Birmingham & Black Country

London 2012: Centre 'crucial' in attracting US team to Birmingham

Birmingham High Performance Centre
Image caption Up to 300 people use the site every week

As Birmingham prepares to host the US Track and Field team ahead of the Olympics, top UK Athletics (UKA) coach Aston Moore is stressing the value of the city's "High Performance Centre".

Launched in 2003, ahead of the World Indoor Championships, the £3.3m indoor facility at the Alexander Stadium site includes an eight-lane 110m track, a gym and a medical suite.

And the centre - a "really unique selling point for Birmingham" - has been "absolutely crucial" in attracting the US Track and Field team to the area, according to the council.

Moore, 56, coaches 2008 Olympic silver medallist and 2009 World champion triple jumper Phillips Idowu.

Although he also guided Commonwealth gold medallist Ashia Hansen to a world record, Moore remembers the toil before the indoor centre - complete with solar panel roof - was built.

"There [were] occasions over the Christmas where we've come in and to get a technical session done, we've had to clear the snow from the track for two hours before we could actually begin our session.

"Not to have it [the centre] would probably mean performances would probably fall for a lot of people," he said.

'Inclement weather'

Asked about the centre's benefits for the city, council assistant director for sport and events Steve Hollingworth said: "Without it we wouldn't be able to hold international events.

"You can create a base here for athletes, which again brings profile to the city."

Image caption Moore said the site was a "huge, huge feather" in Birmingham's cap

He said it had been instrumental in getting the US athletes into the region, "because they were looking for a facility which could offer them an outdoor track, but also if it was... inclement weather, they could continue training indoors".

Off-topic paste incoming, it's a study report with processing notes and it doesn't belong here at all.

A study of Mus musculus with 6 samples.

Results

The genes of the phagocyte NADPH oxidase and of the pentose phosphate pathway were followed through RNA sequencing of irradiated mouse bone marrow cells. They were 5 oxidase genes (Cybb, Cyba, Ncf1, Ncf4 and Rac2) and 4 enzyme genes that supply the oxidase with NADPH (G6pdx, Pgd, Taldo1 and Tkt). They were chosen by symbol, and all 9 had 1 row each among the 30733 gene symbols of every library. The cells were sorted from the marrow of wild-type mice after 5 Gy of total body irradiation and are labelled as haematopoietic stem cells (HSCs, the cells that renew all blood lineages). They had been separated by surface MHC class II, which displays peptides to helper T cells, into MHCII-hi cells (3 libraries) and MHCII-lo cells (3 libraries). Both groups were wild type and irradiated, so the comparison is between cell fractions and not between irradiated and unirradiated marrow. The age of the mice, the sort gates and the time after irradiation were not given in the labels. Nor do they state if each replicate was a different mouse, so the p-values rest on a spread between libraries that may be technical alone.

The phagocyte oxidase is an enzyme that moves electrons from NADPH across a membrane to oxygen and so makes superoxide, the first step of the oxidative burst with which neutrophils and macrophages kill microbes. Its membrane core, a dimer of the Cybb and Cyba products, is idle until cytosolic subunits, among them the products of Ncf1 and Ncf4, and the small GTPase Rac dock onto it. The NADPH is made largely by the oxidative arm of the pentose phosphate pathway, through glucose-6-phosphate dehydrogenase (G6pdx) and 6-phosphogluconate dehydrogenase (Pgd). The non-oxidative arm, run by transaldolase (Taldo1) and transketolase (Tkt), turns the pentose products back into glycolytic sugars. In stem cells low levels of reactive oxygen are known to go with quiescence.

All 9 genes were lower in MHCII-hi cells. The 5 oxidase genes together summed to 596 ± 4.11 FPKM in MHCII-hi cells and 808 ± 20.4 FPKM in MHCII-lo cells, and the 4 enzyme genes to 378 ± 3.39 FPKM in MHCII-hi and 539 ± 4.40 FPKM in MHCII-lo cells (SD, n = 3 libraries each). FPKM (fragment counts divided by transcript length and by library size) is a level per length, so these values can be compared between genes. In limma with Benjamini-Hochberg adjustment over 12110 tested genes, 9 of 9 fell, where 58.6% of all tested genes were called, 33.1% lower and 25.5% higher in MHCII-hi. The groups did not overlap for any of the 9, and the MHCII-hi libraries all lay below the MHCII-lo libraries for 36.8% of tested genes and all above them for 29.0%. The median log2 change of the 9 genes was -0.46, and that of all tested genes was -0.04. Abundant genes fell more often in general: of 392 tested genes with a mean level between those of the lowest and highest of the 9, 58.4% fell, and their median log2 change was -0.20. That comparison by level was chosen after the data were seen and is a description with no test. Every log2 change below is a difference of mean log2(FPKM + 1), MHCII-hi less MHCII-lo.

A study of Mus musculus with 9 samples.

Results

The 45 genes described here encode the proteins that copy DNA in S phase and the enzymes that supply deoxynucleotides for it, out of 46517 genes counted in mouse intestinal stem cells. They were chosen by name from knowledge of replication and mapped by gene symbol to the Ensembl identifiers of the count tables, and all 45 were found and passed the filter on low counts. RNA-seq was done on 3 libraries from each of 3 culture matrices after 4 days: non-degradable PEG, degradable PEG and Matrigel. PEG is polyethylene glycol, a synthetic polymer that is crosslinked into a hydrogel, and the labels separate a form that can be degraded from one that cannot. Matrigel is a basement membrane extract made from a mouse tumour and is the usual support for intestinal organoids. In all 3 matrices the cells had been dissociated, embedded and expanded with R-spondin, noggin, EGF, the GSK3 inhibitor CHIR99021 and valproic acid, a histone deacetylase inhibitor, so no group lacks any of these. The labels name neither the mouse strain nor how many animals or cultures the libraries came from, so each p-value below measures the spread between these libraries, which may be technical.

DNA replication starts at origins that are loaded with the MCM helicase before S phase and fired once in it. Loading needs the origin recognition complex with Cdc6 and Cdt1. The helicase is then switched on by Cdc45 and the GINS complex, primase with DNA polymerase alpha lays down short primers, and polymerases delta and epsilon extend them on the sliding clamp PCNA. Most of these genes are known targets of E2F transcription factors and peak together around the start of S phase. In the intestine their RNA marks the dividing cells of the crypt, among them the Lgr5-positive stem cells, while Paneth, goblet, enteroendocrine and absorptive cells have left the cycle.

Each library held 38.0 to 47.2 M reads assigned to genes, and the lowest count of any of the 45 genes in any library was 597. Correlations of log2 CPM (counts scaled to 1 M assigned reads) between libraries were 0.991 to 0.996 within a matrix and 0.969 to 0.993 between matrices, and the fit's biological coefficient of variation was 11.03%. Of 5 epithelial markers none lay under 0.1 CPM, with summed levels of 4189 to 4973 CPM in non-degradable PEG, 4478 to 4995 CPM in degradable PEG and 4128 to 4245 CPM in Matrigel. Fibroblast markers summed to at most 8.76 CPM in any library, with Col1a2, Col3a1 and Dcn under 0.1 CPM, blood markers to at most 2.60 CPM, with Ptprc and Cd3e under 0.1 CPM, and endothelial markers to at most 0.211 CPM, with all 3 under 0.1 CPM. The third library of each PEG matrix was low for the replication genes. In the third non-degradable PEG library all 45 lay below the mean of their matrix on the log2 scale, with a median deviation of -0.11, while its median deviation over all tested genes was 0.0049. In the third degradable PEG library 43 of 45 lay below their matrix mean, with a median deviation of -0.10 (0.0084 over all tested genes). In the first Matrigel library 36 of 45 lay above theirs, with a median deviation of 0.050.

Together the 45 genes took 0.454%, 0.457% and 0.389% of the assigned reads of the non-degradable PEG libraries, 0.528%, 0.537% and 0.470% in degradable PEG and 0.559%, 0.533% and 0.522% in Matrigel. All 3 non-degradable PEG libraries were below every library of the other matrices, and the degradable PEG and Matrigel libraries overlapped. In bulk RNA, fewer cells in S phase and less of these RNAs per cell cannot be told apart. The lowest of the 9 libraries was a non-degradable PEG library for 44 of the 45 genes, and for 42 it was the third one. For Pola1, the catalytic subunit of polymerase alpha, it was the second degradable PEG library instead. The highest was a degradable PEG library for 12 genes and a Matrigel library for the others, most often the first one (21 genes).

The facilities include high jump, long jump, triple jump and pole vault areas, as well as a so-called indoor throws cage - a large net for discus, hammer and shot put.

A rubber tip can also be put on a javelin for people to throw it into an indoor javelin net, similar to a big curtain, which can come down from the ceiling.

An invisible beam on the wall every 10m records speeds on the track.

While elite athletes use the regional centre during the day, clubs such as Birchfield Harriers are at the venue in the evenings, so up to 300 people benefit each week.

Describing the site as a "huge, huge feather" in Birmingham's cap, Moore added: "The English Institute of Sport also have on site here doctors, physiotherapists as well as soft therapy massage - soft tissue therapy.

"We also have access to people who would give us advice on nutrition.... It's almost like a one-stop-shop of what they [athletes] need to deal with to be at their best."

'Podium level funding'

Progress has also been made outdoors at the Alexander Stadium.

A new 5,000-capacity stand went up last year, taking the stadium capacity to potentially 15,000, and it will host its second Diamond League meeting - featuring leading athletes in the world - on 26 August.

The Birmingham High Performance Centre has four lottery-funded UK athletes who receive so-called "podium level funding... focussed entirely on achieving medal success and top eight finishes" at this summer's Games.

Triple jumper Nathan Douglas, middle distance runner Hannah England and long jumper Shara Proctor fall into that category along with Idowu.

While the Jamaican Track and Field team will use the University of Birmingham, about 100 from their US counterparts are due to be based at the Alexander Stadium site from 16 July.

Moore said: "Gone are the days when the UK.... could sort of rely on middle distance and long distance for its successes.

"Now it's successful right across the board, which includes the speeds and the jumps."